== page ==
Khmer Anti-Poverty Party

Kanakpak Khmer Chuop Krah
Leader Daran Kravanh
Founded September 2007
Ideology Nationalism, anti-poverty, liberalism
Politics of Cambodia
Political parties
Elections

The Khmer Anti-Poverty Party is a Cambodian political party founded in September 2007.[1] Its leader is Cambodian-American Daran Kravanh.[1][2]

Political ideology[edit]

The Khmer Anti-Poverty Party believes in defending Cambodia's "territorial integrity" and opposes "any foreign tyrant leader".[1] The party aims to prevent poverty and to create new ministries for the disabled and for job seekers.[1] In the 2008 national election, the party proposed to bring American-style governance to Cambodia, claiming that the party had the support of 300 American advisers and governors.[2]

In the 2013 election, the party claimed that it had the backing and support of 140,000 foreign advisers and 13 wealthy investors who would make the party's vision of ending poverty in Cambodia a success. However the party did not gain a seat in parliament.

Political activities[edit]

An alliance between the KAPP, Society of Justice Party, and the Khmer Republican Party was announced in late June 2008 (in time for July national election),[3] though it was retracted by the Khmer Republican Party within days.[4] The party was expected to win 41 seats in the National Assembly in the election,[1] but it garnered only 0.16% of the national vote and won no seats.[5] Daran rejected the legitimacy of the election results.[6]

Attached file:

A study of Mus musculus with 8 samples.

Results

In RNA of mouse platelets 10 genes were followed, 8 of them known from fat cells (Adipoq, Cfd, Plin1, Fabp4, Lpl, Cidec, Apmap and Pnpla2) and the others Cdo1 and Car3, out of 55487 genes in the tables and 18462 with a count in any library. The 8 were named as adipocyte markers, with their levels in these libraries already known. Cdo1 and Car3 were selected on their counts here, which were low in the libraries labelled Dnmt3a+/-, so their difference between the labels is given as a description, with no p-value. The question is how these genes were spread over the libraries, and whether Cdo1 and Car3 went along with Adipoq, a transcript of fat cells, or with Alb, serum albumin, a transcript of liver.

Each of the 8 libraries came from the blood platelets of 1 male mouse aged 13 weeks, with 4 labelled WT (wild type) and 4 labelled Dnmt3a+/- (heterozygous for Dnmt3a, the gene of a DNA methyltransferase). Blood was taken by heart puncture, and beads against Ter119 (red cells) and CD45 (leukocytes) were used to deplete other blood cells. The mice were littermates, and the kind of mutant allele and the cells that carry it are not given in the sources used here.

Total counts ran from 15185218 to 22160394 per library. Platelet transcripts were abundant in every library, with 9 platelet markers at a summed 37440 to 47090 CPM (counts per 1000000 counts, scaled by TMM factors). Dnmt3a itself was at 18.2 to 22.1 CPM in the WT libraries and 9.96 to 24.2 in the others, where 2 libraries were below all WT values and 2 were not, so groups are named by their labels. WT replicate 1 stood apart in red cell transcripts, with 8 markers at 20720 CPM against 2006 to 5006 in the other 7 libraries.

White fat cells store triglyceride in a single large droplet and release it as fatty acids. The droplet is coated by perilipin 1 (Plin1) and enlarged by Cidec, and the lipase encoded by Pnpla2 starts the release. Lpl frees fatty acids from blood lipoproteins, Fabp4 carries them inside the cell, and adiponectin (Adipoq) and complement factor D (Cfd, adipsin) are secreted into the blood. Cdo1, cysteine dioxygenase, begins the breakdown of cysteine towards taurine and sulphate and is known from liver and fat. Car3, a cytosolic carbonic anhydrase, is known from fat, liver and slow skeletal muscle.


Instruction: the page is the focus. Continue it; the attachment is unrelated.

References[edit]

  1. ^ a b c d e Meas Sokchea and Sebastian Strangio. "Party profiles: An election rundown". Phnom Penh Post (July 11, 2008).
  2. ^ a b "Anti-poverty leader revels in US backing" Phnom Penh Post (April 17, 2008).
  3. ^ Win Thida. "Three Small Parties Consider Alliance". Voice of America Khmer (July 1, 2008).
  4. ^ Meas Sokchea and Cat Barton. "Down for the count?" Phnom Penh Post (July 11, 2008).
  5. ^ http://www.cambodia.org/election/
  6. ^ "Minor party leaders wonder where all their votes went." Phnom Penh Post (July 31, 2008).